Let me say, first off, that there is a huge difference in shopping for clothes when you have recently lost thirty pounds, and shopping for clothes when you have recently gained thirty pounds. Guess which is more fun?
Also, there is a big difference between shopping for an outfit for, say, a night at the theater, and shopping for outfits for a wake and funeral. I know these
things should be obvious, but somehow I thought that, even under the circumstances, it would still be somewhat fun to spend money on clothes. Guess what? It wasn’t.
Lizzie was with me, and shopping for subdued clothes for a 14-year-old is impossible. Even with help from a stylist at Nordstrom, Liz and I were almost in tears after SIX HOURS of trying on clothes. We’d see a lovely dress for her and pull it off the rack, only to discover that it was shorter than a tennis skirt, or it had fake gold chains around the neck, or it had a panel of see-through lace across the abdomen, or it hugged the hips like a boa constrictor, or it had enormous fake diamonds under the bust…
As for me, the simplest Diane Von Furstenburg wrap dress made me look like the madam of the best little whorehouse in Texas, every single little black dress (LBD for the fashionistas out there) just didn’t work, and the sheath dresses with jackets were gorgeous but cost about $495 — per piece.
We finally left with something for each of us, neither of which we were really happy about.
I eventually went with this one,this one with a little black sweater. Somehow, it looked different on me.
But I’ve realized something in recent weeks. I believe fashion is all about what you wear. But style, which I’m trying to write about, is what’s on the inside AND the outside. Style has to do with not only what you wear but how you wear it. It encompasses your confidence, the way you walk in the world, your beliefs, and how you treat people. Following in my dear mother-in-law’s footsteps, I’d like to focus more on style — living with grace and poise and love AND great clothes — than just fashion.
On a happier note, I was recently browsing online for makeup tips, and have enjoyed experimenting recently. (I’m still in love with subtle sparkles even though some people say it’s a no-no for women my age. Screw ’em.)
So here are some thoughts on makeup for more “mature” women. I think some of these thoughts, like color for lips, are meant for women older than middle age, but it’s something to consider.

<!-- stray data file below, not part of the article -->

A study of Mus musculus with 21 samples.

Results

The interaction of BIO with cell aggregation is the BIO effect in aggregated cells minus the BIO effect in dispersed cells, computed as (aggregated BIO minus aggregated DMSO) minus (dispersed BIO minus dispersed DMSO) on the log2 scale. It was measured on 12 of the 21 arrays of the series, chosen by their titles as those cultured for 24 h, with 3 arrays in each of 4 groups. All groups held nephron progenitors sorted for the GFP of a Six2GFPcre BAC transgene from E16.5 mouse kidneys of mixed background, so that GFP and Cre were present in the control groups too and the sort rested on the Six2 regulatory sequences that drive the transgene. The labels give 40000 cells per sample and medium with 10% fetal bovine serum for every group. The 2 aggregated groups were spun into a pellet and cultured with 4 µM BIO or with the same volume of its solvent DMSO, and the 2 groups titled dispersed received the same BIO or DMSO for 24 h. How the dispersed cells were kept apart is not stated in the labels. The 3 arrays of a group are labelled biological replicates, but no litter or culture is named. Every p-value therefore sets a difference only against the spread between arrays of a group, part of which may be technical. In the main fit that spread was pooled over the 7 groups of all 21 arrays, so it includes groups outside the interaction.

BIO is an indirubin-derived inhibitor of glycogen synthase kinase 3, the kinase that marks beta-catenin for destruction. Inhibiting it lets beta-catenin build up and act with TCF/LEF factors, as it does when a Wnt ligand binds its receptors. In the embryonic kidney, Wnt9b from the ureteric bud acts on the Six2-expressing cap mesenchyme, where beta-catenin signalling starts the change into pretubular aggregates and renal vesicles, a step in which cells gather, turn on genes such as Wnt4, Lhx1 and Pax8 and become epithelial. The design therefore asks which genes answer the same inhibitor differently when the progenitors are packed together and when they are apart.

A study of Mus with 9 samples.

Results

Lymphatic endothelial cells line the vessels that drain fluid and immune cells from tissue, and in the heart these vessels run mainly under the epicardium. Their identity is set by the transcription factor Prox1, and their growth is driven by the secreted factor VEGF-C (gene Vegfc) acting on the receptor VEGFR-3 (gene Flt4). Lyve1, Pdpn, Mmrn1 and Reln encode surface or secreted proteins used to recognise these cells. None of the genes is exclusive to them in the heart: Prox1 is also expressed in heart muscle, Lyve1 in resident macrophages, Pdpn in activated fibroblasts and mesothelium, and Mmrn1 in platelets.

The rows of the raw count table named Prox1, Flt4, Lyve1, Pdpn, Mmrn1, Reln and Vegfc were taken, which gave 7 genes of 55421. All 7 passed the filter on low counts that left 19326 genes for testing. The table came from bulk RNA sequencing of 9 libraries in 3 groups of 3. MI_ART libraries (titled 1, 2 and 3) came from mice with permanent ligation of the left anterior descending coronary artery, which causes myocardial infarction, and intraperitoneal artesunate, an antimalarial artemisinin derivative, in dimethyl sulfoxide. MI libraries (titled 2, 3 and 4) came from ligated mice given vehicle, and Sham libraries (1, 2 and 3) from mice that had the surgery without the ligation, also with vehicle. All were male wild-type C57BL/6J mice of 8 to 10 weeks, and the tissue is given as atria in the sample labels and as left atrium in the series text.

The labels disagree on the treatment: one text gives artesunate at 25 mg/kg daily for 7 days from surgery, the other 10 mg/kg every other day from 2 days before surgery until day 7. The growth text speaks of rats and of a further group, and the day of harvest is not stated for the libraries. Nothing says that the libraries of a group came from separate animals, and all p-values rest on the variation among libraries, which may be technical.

–Try dark brown eye shadow with an eye shadow brush, applied lightly, under the eye instead of eyeliner. It will give you a smudgier, softer look rather than a stark look which is (apparently) not great.
–Keep away from glitter or use just a touch in the middle of the lid and at the corner (I’m sort of ignoring this one).
–Neutrals on the lid are best, especially if your eyelids are “crepey.” Sorry, I hate that word. But mine are getting sorta, well, crepey.
–Liquid highlighter gives your face “luminosity.” Using a makeup brush, dot the highlighter in a heart shape from under eye to the temple, down the nose to the tip and a wider dot at the tip, then just a touch on only the right side of forehead (really). Then blend it. Add your foundation, if you wear it, over the highlighter. (Note: I have been doing this and both Paul and Lizzie say my skin does have a sort of glow. I take that with a grain of salt, since a: they love me, and b: they get tired of questions like this and take the path of least resistance.) I use this one.
–Lip color should be just a shade or two darker than your lips, with gloss. Dark shades can make your face look harsh if you’re beginning to lose pigment and elasticity. Apply with your ring finger, not the tube.
–Eyebrow pencil is a must.
–Eyelash curlers make eyelashes look longer. Heat the curler up with a hair dryer for a couple seconds, then curl. (Note: I burned the shit out of my eyelid when I tried this so I do NOT curl my eyebrows). Brush mascara from base of lashes to the end, jiggling the mascara wand back and forth to separate the lashes and get as much mascara as possible on.
–Lengthening mascara is better than volume mascara for older eyes. Volume mascara weighs down lashes and makes eyes look tired.